The Milwaukee Ballet's "La Boheme."

David Hovhannisyan and Luz San Miguel in the Milwaukee Ballet's "La Boheme." 

Michael Pink is on to something.

I had my doubts about The Milwaukee Ballet artistic director's plan to create a ballet out of Puccini’s beloved opera, La Boheme. It is, after all, a story in which physical deterioration is at the center of the drama -- not an obvious subject for the physical exuberance of dance. And what of Boheme’s soaring vocal melodies? Those would disappear in a pure orchestral score.

But it didn’t take long for those doubts to be put to rest. Set against Rick Graham’s expressionist evocation of Paris, Pink’s choreography grabs you from the start, and Andrews Sill’s reworking of the score puts Puccini’s great melodies in the capable hands of the Milwaukee Ballet Orchestra strings, which have never sounded better.

The concept makes sense, upon reflection. While Mimi and her slow deterioration from consumption is at the center of La Boheme, her illness is set against the jubilant atmosphere of bohemian Paris. Pink captures it brilliantly in the first act, with Mimi’s lover, Rudolfo (David Hovhannisyan), and his friends hanging out in his garret apartment. The heating stove is cold, but the energy is infectious, breakneck mime worthy of Mack Sennett slips easily into more dancerly duets and trios that capture the camaraderie of the group (Ryan Martin, Timothy O’Donnell, Marc Petrocci). Mimi (Luz San Miguel) arrives, and the act concludes with a rapturous pas de deux that beautifully takes advantage of Hovhannisyan’s power and San Miguel’s delicacy.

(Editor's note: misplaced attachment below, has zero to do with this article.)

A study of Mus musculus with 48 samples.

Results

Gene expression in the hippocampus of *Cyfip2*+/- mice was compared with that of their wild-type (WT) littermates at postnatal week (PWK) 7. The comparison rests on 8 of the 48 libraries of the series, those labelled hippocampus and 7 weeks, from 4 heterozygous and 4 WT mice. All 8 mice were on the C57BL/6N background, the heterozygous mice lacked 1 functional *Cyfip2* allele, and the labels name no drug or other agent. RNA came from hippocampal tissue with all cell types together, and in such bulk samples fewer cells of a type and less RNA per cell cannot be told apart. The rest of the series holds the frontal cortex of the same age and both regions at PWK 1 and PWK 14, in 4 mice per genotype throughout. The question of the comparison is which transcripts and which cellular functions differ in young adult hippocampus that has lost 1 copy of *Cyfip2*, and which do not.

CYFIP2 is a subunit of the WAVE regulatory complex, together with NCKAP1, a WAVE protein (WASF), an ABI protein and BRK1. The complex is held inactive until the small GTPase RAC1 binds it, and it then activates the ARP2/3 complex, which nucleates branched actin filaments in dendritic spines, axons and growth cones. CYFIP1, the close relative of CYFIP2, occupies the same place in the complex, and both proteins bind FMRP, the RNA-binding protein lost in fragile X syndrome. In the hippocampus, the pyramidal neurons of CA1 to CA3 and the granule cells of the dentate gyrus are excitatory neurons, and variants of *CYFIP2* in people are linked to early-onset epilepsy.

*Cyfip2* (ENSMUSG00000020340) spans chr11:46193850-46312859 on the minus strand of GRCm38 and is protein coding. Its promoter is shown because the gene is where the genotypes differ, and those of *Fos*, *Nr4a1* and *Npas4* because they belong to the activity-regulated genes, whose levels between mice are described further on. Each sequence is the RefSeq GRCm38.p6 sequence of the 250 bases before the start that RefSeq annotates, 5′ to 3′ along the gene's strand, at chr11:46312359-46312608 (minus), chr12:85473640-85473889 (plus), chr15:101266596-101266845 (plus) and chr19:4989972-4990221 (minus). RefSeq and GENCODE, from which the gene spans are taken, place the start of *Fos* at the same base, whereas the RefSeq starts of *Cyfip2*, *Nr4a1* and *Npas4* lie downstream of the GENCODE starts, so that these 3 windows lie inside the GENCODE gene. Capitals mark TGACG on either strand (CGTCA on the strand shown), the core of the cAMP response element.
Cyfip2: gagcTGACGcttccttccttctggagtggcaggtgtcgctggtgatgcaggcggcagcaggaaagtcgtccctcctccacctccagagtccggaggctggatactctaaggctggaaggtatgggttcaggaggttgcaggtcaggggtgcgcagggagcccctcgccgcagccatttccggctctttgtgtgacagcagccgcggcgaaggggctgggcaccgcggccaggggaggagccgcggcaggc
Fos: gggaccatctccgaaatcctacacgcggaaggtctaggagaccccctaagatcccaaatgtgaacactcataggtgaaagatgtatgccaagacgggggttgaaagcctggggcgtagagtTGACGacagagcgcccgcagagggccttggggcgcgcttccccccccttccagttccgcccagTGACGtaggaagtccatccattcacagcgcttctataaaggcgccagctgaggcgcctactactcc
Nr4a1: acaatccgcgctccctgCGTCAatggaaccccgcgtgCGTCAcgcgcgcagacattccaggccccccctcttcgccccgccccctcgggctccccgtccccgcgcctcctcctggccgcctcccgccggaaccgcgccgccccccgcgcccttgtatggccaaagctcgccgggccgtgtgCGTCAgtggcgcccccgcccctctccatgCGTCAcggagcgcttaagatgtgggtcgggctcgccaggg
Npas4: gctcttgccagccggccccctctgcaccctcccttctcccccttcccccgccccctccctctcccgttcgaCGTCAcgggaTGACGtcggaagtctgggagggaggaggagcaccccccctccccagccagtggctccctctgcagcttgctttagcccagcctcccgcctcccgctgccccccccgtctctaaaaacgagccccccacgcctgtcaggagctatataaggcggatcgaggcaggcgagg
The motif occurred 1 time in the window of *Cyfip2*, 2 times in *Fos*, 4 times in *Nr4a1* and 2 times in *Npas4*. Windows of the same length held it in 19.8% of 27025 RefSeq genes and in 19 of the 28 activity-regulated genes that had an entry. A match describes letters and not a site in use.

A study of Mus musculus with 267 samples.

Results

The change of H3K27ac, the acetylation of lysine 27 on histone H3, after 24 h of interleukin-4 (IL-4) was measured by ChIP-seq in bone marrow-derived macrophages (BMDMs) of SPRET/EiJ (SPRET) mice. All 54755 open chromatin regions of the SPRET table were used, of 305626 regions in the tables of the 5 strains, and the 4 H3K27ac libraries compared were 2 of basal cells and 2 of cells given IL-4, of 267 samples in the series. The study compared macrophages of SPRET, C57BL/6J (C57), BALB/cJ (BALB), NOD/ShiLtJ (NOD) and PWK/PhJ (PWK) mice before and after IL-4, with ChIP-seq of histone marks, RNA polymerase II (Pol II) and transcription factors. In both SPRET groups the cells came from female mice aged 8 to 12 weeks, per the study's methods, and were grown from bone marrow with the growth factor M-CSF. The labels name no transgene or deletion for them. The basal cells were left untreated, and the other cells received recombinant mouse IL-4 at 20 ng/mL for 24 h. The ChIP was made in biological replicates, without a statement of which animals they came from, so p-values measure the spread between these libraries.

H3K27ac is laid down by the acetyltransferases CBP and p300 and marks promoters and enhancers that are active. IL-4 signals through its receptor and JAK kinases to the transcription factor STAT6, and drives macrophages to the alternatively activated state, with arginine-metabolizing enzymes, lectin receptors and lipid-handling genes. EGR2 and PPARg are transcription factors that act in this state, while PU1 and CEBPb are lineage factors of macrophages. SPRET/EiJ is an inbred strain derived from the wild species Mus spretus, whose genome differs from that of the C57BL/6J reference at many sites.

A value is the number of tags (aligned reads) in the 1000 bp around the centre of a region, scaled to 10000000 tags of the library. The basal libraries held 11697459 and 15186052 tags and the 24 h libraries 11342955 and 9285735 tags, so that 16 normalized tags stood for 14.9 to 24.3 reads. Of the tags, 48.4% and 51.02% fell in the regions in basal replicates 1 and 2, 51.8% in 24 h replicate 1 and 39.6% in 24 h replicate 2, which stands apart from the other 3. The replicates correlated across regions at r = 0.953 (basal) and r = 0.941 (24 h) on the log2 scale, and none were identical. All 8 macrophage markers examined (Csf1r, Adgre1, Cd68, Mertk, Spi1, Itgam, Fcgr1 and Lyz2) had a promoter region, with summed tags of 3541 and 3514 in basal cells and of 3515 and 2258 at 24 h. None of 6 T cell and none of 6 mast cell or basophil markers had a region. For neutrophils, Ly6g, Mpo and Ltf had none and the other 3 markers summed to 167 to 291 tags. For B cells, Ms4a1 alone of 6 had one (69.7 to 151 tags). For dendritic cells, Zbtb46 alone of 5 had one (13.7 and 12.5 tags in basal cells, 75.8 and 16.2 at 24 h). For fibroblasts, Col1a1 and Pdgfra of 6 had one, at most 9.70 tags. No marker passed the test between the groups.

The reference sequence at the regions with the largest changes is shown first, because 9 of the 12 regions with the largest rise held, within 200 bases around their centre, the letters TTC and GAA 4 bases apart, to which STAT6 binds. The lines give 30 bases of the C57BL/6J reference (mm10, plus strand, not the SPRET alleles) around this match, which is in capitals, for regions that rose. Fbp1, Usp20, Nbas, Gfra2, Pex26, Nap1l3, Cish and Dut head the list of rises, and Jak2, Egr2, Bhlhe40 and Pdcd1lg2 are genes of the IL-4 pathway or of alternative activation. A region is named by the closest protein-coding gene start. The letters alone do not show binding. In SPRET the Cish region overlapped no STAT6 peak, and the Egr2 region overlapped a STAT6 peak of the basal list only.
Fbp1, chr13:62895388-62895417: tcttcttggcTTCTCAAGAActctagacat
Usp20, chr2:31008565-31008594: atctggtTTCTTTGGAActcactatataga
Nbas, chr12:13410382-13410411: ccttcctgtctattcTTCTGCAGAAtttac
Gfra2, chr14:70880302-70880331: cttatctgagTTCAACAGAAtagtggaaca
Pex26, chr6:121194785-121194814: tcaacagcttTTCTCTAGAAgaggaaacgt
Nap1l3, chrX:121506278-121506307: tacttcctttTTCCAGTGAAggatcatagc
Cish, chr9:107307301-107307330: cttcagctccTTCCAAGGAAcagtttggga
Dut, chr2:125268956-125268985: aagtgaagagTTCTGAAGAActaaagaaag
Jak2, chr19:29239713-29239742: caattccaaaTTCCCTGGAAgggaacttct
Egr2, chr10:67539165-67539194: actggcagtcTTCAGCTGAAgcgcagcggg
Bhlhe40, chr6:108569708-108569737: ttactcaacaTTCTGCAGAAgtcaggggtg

The first act is the best example of Pink’s talent for choreographic storytelling. The narrative flows clean and smooth from the dances and characters, without the showy set pieces that are a staple of 19th century ballet. The large crowd scenes here are a bit chaotic and unfocused, but they do convey the charged urban backdrop of the story.

But what’s most remarkable in this La Boheme is the ability of the dancers to tell the story through fine balletic acting. There is some striking movement, particularly in Havhannisyan’s duets with San Miguel and O’Donnell. But what makes the story succeed is the ability of the dancers to project emotion and character through their movement and behavior. For a good example, watch San Miguel in her duet with a well-heeled suitor (Justin Genna) at Musetta’s party. It’s a key moment in the story, for it ignites Rudolfo’s jealousy that will keep the couple separated until the last scene. It’s a rather formal, innocent dance, and San Miguel’s expression conveys the dramatic moment perfectly: placid and inwardly thrilled, she is flattered to have gained the attention of this elegant man. But he means nothing to her, and is not threat to the deep love she feels for Rudolfo.

Those are the kind of moments that make you believe in the power of dance—both its exterior elegance and beauty, and its ability to convey a heightened truth about the world and our place in it. No doubt about it.